What’s Up Between Russia and Georgia
No doubt what Russia did in fighting Georgia was bad, but to offset the hue and cry of “Let’s go to war against Russia to save Georgia,” remember the following:
— Georgia started the war by sending troops into South Ossetia, which admittedly is part of Georgia, but there was no shooting until Georgian troops started shooting;
— In spite of George Bush’s professed love for Vladimir Putin, he has stuck his finger in Putin’s eye on numerous occasions, such as:
— Abrogating the ABM treaty with Moscow,
— Encouraging former Soviet states to join NATO, including Georgia,
— Encouraging pro-Western, anti-Russian, political movements in former Soviet states, such as the failed Orange Revolution in Ukraine,
— Forcing the separation of Kosovo from Serbia, viewed as an insult by the (pro-Russian) Slavs,
— Proposing to install ABM systems in Poland and the Czech Republic.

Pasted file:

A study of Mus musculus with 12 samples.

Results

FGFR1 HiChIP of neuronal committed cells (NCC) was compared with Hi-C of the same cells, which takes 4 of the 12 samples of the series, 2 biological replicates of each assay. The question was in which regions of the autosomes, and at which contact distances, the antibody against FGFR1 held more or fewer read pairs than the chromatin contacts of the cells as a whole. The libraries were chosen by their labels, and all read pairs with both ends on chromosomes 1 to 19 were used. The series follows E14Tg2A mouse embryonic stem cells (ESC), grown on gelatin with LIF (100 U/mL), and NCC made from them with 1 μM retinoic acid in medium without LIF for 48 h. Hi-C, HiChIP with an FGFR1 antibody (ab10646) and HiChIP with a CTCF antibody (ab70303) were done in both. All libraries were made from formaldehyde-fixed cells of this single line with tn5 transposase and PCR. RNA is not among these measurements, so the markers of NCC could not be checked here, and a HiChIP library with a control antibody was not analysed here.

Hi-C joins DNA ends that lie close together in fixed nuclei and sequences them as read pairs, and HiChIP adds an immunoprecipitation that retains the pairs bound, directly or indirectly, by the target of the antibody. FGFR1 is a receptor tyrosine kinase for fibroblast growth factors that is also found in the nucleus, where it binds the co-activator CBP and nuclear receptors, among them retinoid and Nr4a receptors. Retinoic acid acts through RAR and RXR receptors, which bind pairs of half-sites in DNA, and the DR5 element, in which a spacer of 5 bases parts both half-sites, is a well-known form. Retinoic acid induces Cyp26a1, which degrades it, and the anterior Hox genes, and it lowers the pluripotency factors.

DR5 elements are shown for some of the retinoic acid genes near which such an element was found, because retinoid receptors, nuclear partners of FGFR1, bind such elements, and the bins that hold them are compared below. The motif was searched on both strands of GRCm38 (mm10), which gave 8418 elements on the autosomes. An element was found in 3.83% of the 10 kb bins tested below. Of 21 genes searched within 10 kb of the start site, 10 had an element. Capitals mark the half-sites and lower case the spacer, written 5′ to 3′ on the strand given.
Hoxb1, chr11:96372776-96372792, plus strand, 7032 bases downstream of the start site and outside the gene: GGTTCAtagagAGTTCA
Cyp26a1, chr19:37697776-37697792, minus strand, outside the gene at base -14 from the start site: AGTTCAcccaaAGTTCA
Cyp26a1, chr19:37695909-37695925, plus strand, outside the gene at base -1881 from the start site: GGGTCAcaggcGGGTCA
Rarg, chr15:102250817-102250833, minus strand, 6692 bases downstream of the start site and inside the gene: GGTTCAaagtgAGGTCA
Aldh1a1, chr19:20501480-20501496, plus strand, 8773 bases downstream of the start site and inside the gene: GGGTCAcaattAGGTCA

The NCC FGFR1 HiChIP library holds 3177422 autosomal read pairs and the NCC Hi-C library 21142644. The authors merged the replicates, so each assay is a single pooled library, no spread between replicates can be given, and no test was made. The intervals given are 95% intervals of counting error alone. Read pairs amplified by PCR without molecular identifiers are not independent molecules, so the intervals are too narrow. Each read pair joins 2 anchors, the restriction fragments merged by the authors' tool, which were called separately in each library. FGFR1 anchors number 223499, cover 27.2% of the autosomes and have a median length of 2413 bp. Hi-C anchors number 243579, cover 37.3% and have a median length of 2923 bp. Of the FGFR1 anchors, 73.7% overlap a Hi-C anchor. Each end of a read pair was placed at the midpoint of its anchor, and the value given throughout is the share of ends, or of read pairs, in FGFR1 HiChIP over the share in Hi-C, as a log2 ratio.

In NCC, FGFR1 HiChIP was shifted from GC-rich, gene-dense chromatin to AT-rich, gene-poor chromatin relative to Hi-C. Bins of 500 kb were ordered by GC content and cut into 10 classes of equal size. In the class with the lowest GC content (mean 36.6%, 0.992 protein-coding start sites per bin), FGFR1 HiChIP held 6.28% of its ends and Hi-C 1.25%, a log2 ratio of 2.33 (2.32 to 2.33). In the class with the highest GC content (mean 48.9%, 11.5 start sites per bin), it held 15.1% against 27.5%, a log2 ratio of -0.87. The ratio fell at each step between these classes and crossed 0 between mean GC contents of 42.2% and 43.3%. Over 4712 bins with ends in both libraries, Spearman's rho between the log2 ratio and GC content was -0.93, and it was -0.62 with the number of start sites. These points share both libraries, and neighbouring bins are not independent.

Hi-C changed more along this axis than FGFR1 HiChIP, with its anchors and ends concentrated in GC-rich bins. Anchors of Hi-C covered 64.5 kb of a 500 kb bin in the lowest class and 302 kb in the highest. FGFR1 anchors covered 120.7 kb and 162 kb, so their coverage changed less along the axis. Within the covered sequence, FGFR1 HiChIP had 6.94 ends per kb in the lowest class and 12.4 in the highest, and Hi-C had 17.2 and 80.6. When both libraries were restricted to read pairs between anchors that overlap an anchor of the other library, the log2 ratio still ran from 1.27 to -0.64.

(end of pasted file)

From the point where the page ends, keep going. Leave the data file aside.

Arguably, Bush never liked or trusted Putin and the Russians and thus he decided to make hay while the sun was shining on the US, encouraging more and more former Soviet citizens to be pro-West and anti-Russian. The question is, did these anti-Russian policies produce the current Russian belligerence, or was Russia going to do this in any case? I think Russia’s belligerence is due at least in part to the anti-Russian policies pursued by the US. If Condi Rice had managed her Russian portfolio better the world might be a safer place today. But there is the argument that Russia was always evil and that Condi was right to continue the cold war policies she grew up with.